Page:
Labor Unrest Driving Up Produce Prices

A local produce buyer is feeling the effects of a farm strike this past week in Baja California, south of Ensenada in the San Quintin Valley.

An estimated 50,000 farmworkers were accused of blocking north-south highway traffic, and some were refusing to pick in the fields. While many have returned, it is an issue markets and produce importers are well aware of.

"Those trucks don't get across, so the fruit sits on those trucks for an extra day or two, that's your freshness," said Stanley Alvarez, chief buyer for Coast Citrus.

It doesn't matter if it is the weather or labor unrest, Alvarez needs to get his produce to market.

 His family has been in the produce business for more than 50 years. Their warehouse is just blocks away from the Mexican border and is filled with bananas, mangos, strawberries, tomatoes, pineapples, onions and much more.

But the demand for that produce is always strong.

"You want your product in here Monday morning, Wednesday morning without any excuse," said Alvarez.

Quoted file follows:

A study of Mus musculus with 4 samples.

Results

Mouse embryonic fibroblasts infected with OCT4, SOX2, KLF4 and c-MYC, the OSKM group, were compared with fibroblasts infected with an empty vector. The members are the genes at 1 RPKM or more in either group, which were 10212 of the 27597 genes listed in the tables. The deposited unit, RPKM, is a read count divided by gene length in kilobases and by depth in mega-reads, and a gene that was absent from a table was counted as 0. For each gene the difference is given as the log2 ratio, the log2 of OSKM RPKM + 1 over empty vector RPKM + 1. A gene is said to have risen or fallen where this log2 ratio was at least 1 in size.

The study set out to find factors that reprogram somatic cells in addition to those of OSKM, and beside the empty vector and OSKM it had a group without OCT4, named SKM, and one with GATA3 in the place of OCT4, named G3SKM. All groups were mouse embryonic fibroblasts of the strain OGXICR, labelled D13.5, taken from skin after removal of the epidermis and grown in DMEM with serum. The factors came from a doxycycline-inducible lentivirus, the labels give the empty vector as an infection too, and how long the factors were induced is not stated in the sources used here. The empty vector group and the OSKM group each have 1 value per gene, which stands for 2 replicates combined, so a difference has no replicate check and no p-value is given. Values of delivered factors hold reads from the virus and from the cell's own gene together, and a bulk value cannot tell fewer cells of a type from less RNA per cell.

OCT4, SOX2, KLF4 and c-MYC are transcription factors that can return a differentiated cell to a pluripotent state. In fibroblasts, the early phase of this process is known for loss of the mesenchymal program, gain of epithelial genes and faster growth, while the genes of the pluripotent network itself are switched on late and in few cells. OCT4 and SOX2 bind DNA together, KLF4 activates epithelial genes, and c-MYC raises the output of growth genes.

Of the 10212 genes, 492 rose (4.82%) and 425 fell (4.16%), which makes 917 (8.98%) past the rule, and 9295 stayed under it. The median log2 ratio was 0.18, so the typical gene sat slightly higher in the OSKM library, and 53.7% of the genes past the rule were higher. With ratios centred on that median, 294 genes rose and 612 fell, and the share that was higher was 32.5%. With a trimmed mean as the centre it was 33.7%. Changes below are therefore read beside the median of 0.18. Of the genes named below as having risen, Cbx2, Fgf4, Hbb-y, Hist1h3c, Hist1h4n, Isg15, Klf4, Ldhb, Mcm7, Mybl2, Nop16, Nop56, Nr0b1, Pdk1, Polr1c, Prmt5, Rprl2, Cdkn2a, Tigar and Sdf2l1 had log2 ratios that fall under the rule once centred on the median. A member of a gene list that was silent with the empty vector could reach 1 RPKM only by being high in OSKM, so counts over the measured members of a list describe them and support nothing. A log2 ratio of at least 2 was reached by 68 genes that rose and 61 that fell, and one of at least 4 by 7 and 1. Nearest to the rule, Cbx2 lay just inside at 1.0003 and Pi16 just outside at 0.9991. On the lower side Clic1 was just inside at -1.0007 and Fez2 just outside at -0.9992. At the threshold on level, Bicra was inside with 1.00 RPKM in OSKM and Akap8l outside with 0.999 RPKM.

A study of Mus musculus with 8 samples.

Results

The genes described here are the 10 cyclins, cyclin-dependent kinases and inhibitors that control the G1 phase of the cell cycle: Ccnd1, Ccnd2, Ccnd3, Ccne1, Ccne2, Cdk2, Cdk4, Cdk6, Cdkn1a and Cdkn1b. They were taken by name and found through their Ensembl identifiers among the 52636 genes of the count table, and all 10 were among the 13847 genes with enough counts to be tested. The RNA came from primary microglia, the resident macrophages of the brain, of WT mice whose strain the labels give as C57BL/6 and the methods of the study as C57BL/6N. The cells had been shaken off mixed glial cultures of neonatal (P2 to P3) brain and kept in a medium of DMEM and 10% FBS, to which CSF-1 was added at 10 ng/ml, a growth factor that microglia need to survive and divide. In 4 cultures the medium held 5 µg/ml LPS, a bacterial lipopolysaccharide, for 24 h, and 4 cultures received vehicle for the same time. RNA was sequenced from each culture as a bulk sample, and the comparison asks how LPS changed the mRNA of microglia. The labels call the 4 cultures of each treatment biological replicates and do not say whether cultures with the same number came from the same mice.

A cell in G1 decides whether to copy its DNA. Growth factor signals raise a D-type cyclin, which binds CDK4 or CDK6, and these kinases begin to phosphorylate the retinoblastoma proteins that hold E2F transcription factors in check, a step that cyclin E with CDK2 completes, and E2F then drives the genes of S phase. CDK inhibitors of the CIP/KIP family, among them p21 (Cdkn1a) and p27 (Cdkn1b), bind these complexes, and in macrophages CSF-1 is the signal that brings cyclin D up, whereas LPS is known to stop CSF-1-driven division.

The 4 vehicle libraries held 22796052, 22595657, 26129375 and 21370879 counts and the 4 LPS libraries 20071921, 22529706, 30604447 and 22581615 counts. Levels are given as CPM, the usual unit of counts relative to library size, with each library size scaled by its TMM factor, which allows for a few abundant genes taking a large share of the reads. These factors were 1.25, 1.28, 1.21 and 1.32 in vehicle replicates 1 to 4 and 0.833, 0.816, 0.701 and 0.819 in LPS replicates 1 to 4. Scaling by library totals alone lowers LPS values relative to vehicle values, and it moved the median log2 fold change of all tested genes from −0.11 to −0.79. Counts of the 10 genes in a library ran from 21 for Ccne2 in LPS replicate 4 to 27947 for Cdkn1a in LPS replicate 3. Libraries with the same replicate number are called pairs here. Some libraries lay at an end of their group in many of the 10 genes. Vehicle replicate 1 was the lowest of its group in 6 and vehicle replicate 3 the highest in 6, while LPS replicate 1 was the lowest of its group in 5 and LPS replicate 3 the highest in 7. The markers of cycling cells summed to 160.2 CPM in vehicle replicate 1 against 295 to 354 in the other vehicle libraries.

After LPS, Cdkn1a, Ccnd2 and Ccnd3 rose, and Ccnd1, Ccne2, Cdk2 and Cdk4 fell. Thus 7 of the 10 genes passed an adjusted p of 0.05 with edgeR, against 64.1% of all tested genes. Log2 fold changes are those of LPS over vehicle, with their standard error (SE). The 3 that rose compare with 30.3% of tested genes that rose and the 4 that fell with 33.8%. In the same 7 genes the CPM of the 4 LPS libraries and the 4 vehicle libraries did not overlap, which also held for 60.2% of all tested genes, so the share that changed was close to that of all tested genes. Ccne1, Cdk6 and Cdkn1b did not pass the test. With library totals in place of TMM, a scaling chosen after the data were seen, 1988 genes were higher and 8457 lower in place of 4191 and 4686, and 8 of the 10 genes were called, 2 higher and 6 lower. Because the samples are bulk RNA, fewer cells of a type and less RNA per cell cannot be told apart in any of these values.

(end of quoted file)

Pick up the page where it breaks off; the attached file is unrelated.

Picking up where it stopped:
But that's not always easy. Weather is often the culprit. From drought to freeze to wind, extreme weather conditions can damage fruit and limit the amount available. But second on the list is labor unrest.

It could be a dockworkers strike delaying imported produce deliveries, or the strike by farmworkers in Mexico.

"You have a time frame for tomatoes and strawberries to get them off that field," said Alvarez, "You need a thousand workers, you can only get 500."

Poor quality and limited supplies often drive up prices to consumers. But that passes as harvests move around the world.

Where one month tomatoes are coming from Mexico, another month they could be coming from Central America or Florida.